Mark Manning: Oil’s Correction is not over 9/2/08

September 5, 2008

RealMoney.com Contributor 

Unless you have been living under a rock, you know that energy prices have been in a corrective mode and that the price at the gasoline pump has eased. Many analysts have speculated that energy has been in a speculative bubble and that this move is the end of the uptrend. Now that we have hurricane threats, oil has again begun to firm up. The million-dollar question is whether this move is sustainable. 

The recent correction was caused in a drop in demand that was around 800,000 barrels per day year over year in the first half of 2008. That was the largest drop in demand in the past 26 years, according to the Energy Information Administration. However, the long-term demand situation that is being pushed by emerging markets has not changed.

 For example, The International Energy Agency has recently revised higher expectations for global demand growth in 2009. And the bears’ argument of a global glut of crude oil is totally unsupported by the facts of weekly inventory reported by the EIA.

 Recently the EIA reported that crude oil inventories were in the lower half of the average range. That is very important: Considering the weak demand, there is no sign of a buildup in U.S. crude oil inventories. 

I continue to remain very positive on the oil and commodity markets over the long term. The only thing that would change this view would be a worldwide economic collapse.

I will also pay particular attention to my technical indicators, since these types of corrections can last longer than expected. In fact, commodity markets often correct over 50% during their primary uptrend.

The energy complex is testing support, and the recent drop has been led by heavy volume, which certainly represents institutional selling. The key now will be to see if oil prices and energy stocks can continue to hold above this important support level. If we see a break below that in the near future, it will likely lead to more downside testing. On the other hand, a break above the downtrend line will likely spark a sharp rebound.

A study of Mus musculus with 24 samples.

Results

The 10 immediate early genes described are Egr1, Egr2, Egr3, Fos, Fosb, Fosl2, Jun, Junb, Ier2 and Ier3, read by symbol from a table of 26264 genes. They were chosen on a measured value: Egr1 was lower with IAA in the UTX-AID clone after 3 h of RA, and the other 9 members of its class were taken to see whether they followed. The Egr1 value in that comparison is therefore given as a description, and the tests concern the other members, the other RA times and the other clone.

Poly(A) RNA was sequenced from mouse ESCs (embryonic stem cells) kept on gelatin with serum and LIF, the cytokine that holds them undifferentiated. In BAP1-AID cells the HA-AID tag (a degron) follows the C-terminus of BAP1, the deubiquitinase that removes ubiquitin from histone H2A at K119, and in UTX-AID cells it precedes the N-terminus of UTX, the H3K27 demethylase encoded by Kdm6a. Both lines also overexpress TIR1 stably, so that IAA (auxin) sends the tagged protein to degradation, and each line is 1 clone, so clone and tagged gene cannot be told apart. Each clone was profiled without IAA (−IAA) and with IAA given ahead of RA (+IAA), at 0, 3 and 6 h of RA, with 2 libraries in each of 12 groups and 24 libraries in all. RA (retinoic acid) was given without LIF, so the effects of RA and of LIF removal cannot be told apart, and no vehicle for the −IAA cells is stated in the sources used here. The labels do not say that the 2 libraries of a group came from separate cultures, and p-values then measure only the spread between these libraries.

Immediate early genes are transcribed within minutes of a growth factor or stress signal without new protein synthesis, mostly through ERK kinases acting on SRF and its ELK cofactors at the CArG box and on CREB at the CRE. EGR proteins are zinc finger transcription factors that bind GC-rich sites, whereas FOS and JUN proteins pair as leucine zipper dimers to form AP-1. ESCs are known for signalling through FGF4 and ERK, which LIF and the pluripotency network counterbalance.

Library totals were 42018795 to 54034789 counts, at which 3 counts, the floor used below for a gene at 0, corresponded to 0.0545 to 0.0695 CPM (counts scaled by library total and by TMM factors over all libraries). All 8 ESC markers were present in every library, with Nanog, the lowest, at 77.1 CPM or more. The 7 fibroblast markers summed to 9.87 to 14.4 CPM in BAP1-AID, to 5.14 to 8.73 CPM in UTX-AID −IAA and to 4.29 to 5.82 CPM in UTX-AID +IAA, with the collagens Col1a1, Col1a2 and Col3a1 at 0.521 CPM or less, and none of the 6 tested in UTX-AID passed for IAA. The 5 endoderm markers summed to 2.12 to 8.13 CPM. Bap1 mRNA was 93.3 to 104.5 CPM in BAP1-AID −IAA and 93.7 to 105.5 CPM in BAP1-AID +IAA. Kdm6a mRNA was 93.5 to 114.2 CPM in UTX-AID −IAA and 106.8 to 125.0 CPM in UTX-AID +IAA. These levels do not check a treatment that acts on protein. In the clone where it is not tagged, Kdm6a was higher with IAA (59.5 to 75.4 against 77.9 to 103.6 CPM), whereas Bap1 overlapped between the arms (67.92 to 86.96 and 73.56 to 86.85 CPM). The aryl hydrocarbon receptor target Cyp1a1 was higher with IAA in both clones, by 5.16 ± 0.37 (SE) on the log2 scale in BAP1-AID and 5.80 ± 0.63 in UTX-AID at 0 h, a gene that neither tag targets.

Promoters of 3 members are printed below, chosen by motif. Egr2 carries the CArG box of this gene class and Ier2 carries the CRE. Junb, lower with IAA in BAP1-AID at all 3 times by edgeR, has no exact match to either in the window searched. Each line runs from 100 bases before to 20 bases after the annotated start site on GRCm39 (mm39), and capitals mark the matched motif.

With the current long-term supply situation, you would think that the oil and gas equipment and service companies would be rocking. However, the sector is trading below the 50- and 200-day moving average. Before any new uptrend can get on its way, we will need to see a break above these levels. If that doesn’t happen soon, especially with the hurricane threats, we may be in for more downside testing.

Looking at the chart of the majors, you can see that the price is testing the lows set back in August of 2007, January 2008 and August this year. The key here is that the sector holds these lows and then works its way above the major resistance in the 900 area. I believe the best thing would be for the stocks in this sector to consolidate some before attempting to move higher.

Finally, if the industry is about to move higher again, then you would expect the drilling and exploration sector, which has tremendous fundamentals and earnings, to be screaming higher. Unfortunately, this stock is drifting below the resistance area around $140 and the 50- and 200-day moving average.

 If we don’t see a change fairly quickly, the current chart pattern appears to be in an intermediate topping action that will lead to more downside action. You can also see that the institutional money stream is crawling along the bottom of the chart. You never know, and these lows may turn out to be a great buying opportunity, but I just think we need more time for these sectors to consolidate.

I want a comment on the recent discussions on inflation by many analysts along with steady input on the subject by the Federal Reserve. The latest figures on the CPI index show that it is rising at a rate of over 5% a year. Many have argued that inflation is close to a peak and is ready to fall.

 To the average investor, inflation seems to be some type of abstract condition. However, it can quite easily be defined as higher prices in the commodity markets that can be passed along to the consumer through companies that produce products. In the past, as commodity prices have been rising, this has not had a tremendous effect on inflation.

 That may be in the process of changing, since the effects of rising commodity prices are now forcing companies to pass these costs along to consumers, because commodity prices have been growing faster than the overall economy. That means another spike in oil prices would certainly push inflation much higher. Of course, on the other side of that argument, a continued break in commodity and oil prices would have the opposite effect.